What kind of photos and video does the Galaxy S8 capture?
The Galaxy S8 is arguably the most important Android phone of the year. Samsung’s most popular brand is the world’s most popular Android phone, and it goes without saying that what Samsung does, others follow.
That’s why we were surprised to learn that Samsung didn’t make a big deal of its flagship’s camera this time around, opting to maintain the status quo. It doesn’t hurt that the status quo is a 12MP rear sensor and f/1.7 lens combination with optical image stabilization that, even a year later, still beats the proverbial pants off most of its recent competition.
We also now know that Samsung is indeed using a couple of newer 12MP sensors in its Galaxy S8 series: Sony’s IMX333, which we don’t know much about other than it is a successor to last year’s IMX260; and Samsung’s own S5K2L2 ISOCELL, a previous version of which was found in some Exynos variants of the Galaxy S7. The front-facing camera is also a new sensor, the 8MP Sony IMX320.
We spent a couple of days taking photos with the Galaxy S8 to see how the camera fares in real-world scenarios. None of these photos have been retouched or edited in any way. The Galaxy S8 that we briefly used to test the camera was a Snapdragon 835 model with the Sony IMX333 sensor.
We’ll be doing comparisons, including to the Galaxy S7, in a separate post. But now, the photos.
On first glance, Samsung’s done a great job maintaining detail throughout all the photos captured on the Galaxy S8, and appears to excel in balancing exposure between light and dark scenes, even when HDR isn’t explicitly turned on. The phone seems to be incorporating HDR seamlessly in every photo unless it is otherwise turned off.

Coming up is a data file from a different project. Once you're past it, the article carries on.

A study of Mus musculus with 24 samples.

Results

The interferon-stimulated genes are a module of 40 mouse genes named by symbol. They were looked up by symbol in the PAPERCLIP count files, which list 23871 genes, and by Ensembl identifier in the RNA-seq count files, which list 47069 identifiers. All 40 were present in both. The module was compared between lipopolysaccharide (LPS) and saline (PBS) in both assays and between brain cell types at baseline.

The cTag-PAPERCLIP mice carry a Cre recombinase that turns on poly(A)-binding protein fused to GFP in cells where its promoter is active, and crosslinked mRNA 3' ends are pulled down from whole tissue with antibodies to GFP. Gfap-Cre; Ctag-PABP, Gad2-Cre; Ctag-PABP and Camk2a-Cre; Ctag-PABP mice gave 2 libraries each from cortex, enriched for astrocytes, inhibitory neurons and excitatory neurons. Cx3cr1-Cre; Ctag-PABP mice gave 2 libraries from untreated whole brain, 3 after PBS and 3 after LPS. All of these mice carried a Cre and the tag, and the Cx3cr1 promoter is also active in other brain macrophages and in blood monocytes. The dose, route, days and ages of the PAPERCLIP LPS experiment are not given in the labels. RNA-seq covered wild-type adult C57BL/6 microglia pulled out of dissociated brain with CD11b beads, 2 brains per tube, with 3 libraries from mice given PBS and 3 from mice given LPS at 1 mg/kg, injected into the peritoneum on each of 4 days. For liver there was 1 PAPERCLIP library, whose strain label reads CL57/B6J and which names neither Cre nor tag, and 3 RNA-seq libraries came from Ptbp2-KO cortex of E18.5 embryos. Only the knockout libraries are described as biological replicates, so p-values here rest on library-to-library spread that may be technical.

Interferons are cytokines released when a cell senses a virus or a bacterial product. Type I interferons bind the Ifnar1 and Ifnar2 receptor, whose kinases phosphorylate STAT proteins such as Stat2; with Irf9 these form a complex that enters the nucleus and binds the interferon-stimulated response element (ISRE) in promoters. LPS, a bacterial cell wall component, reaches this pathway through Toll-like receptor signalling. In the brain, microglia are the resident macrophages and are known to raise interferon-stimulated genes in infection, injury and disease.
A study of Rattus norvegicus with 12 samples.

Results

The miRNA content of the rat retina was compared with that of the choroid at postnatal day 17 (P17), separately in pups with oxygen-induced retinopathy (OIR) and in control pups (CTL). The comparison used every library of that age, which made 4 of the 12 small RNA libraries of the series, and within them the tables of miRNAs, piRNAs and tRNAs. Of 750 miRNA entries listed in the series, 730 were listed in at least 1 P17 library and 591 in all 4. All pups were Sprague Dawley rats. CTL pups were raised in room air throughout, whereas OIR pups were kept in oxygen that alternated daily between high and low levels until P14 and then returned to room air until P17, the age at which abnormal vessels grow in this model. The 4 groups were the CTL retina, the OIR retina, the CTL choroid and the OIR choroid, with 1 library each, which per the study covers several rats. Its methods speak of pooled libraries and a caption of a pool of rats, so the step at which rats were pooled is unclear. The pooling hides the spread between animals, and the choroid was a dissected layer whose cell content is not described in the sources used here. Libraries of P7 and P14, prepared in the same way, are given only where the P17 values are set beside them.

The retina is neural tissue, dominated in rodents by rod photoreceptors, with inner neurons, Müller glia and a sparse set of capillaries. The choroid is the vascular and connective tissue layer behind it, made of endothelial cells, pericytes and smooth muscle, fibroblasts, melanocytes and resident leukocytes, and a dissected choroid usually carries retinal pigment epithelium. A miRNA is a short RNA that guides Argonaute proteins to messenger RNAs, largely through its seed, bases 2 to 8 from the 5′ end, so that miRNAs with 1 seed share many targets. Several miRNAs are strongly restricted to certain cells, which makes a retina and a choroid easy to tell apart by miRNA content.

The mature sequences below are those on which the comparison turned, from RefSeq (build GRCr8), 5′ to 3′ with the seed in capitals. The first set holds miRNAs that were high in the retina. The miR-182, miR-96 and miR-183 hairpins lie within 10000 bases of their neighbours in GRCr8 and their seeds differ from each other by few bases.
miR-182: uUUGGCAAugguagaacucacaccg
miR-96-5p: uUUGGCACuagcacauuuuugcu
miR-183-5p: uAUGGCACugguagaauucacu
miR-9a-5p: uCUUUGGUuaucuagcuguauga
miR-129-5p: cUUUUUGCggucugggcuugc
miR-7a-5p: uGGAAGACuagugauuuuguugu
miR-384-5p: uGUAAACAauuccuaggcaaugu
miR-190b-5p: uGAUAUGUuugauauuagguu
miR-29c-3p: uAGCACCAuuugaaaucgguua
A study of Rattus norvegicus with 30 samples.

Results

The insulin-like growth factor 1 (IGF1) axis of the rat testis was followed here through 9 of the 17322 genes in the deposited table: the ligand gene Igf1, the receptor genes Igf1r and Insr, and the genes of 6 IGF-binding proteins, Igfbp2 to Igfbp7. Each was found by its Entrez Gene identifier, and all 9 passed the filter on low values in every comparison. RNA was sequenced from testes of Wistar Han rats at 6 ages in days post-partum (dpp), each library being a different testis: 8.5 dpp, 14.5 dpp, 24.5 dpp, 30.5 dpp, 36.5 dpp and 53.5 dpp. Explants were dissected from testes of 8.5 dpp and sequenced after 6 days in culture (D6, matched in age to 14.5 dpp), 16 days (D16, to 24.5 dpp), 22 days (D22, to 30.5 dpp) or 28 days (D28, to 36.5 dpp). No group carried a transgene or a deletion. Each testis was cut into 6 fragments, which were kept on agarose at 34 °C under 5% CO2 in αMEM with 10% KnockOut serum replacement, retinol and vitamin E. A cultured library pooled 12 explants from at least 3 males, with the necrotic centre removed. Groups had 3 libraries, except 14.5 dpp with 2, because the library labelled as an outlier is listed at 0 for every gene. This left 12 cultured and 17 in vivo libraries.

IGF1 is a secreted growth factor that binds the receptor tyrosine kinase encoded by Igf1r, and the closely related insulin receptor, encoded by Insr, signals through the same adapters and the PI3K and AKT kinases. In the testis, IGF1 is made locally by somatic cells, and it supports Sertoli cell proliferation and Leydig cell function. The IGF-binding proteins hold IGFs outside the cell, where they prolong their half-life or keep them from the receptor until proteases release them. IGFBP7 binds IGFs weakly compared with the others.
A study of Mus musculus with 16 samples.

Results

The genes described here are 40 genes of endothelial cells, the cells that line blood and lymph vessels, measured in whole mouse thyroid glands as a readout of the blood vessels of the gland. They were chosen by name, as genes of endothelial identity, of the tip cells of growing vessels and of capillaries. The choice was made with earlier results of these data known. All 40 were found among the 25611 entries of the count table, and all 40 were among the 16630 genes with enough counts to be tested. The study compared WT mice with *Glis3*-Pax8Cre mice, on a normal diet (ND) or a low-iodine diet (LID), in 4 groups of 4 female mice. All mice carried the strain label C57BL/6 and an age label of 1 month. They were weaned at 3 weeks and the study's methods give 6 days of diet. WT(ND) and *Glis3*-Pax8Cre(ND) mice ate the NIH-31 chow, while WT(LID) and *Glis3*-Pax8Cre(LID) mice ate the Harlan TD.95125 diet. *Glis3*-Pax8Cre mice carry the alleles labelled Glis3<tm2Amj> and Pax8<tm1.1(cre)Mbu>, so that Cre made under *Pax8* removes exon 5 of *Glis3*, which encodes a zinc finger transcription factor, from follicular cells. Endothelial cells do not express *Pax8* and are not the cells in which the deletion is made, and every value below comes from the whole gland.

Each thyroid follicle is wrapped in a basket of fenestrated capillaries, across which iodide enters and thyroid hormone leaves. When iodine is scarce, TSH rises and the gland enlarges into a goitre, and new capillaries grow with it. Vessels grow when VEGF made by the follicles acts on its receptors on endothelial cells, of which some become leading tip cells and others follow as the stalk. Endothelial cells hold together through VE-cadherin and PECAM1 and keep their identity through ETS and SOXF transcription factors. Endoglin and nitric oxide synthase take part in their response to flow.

The Galaxy S8 deals with movement quite well, but like all phone cameras doesn’t appear to automatically prioritize shutter speed in fast-moving scenes, leading to blur in exchange for a lighter photo. Less aggressive movement is captured with aplomb, and looks great.
One area we really hope the Galaxy S8 does better than its predecessor is in low light. From our initial tests, it does maintain detail slightly better than the Galaxy S7, but it’s not an out-and-out upgrade. Still pretty great, though.
I’ll let these speak for themselves. The Galaxy S8’s default focal length is slightly longer than the S7’s, which leads to closer in-focus macro shots. I’m drooling over some of these.
As with all phones, the Galaxy S8 tries its best in artificial light, and it seems to do a fine job exposing properly given the challenging environment.
I’m not going to say I’m good looking or anything, but the Galaxy S8 makes me look good — in daylight or dark. It also makes Zadie look super cute.
Front facing camera
The big upgrade to the Galaxy S8’s optics this year is in the 8MP autofocus front-facing camera, and it does a fantastic job in daylight. Low light captures, though — no better than last year.
120fps of slo-mo perfection.
More to come
We’ve got lots more photos and video examples to show off very soon, so stay tuned. In the meantime, let us know what you think in the comments below, and jump into our forums to keep the discussion going!